Loam


Loam is soil composed of sand, silt, and clay in relatively even proportions (about 40%-40%-20% concentration respectively).[1] These proportions can vary to a degree however, and result in different types of loam soils: sandy loam, silty loam, clay loam, sandy clay loam, silty clay loam, and loam.[1] Loam soils generally contain more nutrients, moisture and humus than sandy soils, have better drainage and infiltration of water and air than silty soils, and are easier to till than clay soils. The different types of loam soils each have slightly different characteristics, with some draining liquids more efficiently than others.

Loam is considered ideal for gardening and agricultural uses because it retains nutrients well and retains water while still allowing excess water to drain away.[2] A soil dominated by one or two of the three particle size groups can behave like loam if it has a strong granular structure, promoted by a high content of organic matter. However, a soil that meets the textural definition of loam can lose its characteristic desirable qualities when it is compacted, depleted of organic matter, or has clay dispersed throughout its fine-earth fraction.[clarification needed]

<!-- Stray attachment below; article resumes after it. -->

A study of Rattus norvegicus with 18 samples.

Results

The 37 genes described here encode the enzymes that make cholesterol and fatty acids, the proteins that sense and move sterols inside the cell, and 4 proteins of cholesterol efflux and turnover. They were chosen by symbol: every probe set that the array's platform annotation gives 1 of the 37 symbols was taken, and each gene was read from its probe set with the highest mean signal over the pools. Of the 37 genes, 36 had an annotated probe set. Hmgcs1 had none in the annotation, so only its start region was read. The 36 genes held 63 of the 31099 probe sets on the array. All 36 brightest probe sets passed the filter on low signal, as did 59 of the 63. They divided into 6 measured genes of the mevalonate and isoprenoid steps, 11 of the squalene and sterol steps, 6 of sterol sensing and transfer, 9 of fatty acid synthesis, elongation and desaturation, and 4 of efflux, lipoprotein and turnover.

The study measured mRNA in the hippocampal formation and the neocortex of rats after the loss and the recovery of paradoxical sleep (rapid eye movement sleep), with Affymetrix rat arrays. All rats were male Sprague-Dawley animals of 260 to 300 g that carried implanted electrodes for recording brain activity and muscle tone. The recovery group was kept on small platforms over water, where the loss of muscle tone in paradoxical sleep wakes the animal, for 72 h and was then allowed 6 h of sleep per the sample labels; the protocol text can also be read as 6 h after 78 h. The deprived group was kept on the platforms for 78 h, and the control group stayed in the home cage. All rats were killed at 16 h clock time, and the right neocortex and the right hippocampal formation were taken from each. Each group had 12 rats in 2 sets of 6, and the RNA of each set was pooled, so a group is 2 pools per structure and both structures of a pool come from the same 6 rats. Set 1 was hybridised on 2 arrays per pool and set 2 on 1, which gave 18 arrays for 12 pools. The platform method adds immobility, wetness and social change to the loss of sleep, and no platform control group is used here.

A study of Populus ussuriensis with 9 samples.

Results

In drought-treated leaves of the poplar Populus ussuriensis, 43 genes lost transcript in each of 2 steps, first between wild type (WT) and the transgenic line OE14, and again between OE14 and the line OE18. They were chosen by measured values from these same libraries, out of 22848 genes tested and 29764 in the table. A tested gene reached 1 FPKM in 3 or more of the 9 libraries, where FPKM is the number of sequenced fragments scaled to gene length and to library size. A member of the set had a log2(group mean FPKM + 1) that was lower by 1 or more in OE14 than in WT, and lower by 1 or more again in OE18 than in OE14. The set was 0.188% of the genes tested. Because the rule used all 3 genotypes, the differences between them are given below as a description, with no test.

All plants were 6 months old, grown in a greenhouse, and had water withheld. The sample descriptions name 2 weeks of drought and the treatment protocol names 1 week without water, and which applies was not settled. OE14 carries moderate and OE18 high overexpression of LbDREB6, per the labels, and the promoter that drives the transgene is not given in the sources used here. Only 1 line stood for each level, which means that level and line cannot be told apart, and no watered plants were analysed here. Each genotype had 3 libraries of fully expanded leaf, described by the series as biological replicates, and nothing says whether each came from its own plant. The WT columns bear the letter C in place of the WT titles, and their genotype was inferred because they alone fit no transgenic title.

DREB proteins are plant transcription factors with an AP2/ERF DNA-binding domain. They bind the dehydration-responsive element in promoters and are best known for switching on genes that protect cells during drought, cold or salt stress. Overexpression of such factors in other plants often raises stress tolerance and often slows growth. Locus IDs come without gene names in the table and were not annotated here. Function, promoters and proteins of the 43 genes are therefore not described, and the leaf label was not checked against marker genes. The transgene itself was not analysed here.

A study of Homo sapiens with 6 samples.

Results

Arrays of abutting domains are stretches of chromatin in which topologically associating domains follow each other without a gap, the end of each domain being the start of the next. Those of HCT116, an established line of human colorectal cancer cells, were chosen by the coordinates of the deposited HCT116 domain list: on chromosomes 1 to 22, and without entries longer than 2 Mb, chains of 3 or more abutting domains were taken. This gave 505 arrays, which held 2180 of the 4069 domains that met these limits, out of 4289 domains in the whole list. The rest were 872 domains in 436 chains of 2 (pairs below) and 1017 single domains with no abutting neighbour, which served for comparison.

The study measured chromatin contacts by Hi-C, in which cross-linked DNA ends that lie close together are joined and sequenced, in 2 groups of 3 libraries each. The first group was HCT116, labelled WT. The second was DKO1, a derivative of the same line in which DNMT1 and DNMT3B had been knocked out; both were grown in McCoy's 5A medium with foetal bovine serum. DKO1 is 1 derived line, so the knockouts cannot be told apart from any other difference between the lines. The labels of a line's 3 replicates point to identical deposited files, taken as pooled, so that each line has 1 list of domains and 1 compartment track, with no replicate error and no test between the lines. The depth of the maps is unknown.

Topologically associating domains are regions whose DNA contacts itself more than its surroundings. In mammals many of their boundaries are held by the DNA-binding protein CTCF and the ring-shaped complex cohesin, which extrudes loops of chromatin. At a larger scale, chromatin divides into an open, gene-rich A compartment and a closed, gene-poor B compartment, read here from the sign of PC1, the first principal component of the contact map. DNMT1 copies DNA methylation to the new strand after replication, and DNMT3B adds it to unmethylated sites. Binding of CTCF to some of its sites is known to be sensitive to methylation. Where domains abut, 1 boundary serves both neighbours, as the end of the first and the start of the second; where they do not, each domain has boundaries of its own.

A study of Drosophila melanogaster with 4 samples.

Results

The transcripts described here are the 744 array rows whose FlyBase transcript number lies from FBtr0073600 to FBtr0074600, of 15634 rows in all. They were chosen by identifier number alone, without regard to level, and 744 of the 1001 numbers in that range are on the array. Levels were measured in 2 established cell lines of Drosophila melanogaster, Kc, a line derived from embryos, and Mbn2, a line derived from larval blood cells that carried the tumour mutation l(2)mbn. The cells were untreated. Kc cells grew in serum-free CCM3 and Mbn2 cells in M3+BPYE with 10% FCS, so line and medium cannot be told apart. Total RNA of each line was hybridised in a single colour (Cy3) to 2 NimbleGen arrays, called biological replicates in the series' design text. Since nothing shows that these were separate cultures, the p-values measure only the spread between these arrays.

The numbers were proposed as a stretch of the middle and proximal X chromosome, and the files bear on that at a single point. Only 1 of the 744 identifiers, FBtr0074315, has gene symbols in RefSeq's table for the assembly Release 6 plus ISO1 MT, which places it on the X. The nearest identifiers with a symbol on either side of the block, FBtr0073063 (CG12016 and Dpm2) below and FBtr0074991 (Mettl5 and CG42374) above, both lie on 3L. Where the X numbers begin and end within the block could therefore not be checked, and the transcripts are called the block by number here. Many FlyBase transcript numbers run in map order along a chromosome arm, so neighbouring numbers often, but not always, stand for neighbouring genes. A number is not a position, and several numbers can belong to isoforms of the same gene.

Loam is found in a majority of successful farms in regions around the world known for their fertile land.[citation needed] Loam soil feels soft and crumbly and is easy to work over a wide range of moisture conditions.

Use in house construction[edit]

Loam may be used for the construction of houses. Construction crews can build a layer of loam on the inside of walls, which can help to control air humidity. Loam, combined with straw, can be used as a rough construction material to build walls. This is one of the oldest technologies for house construction in the world. Within this there are two broad methods: the use of rammed earth, or unfired bricks (adobe).[3]

See also[edit]

References[edit]

  1. ^ a b Kaufmann, Robert K.; Cutler J. Cleveland (2008). Environmental Science. McGraw-Hill. pp. 318–319. ISBN 978-0-07-298429-3. 
  2. ^ B. Rosie Lerner, "What is Loam?", Purdue University Consumer Horticulture, 6 January 2000. Retrieved 17 December 2012.
  3. ^ Gerhard Koch, "Loam Construction – from a niche product to an industrial building system". Tokyo: Action for Sustainability – The 2005 World Sustainable Building Conference in Tokyo, Japan, September 2005. Retrieved 17 December 2012.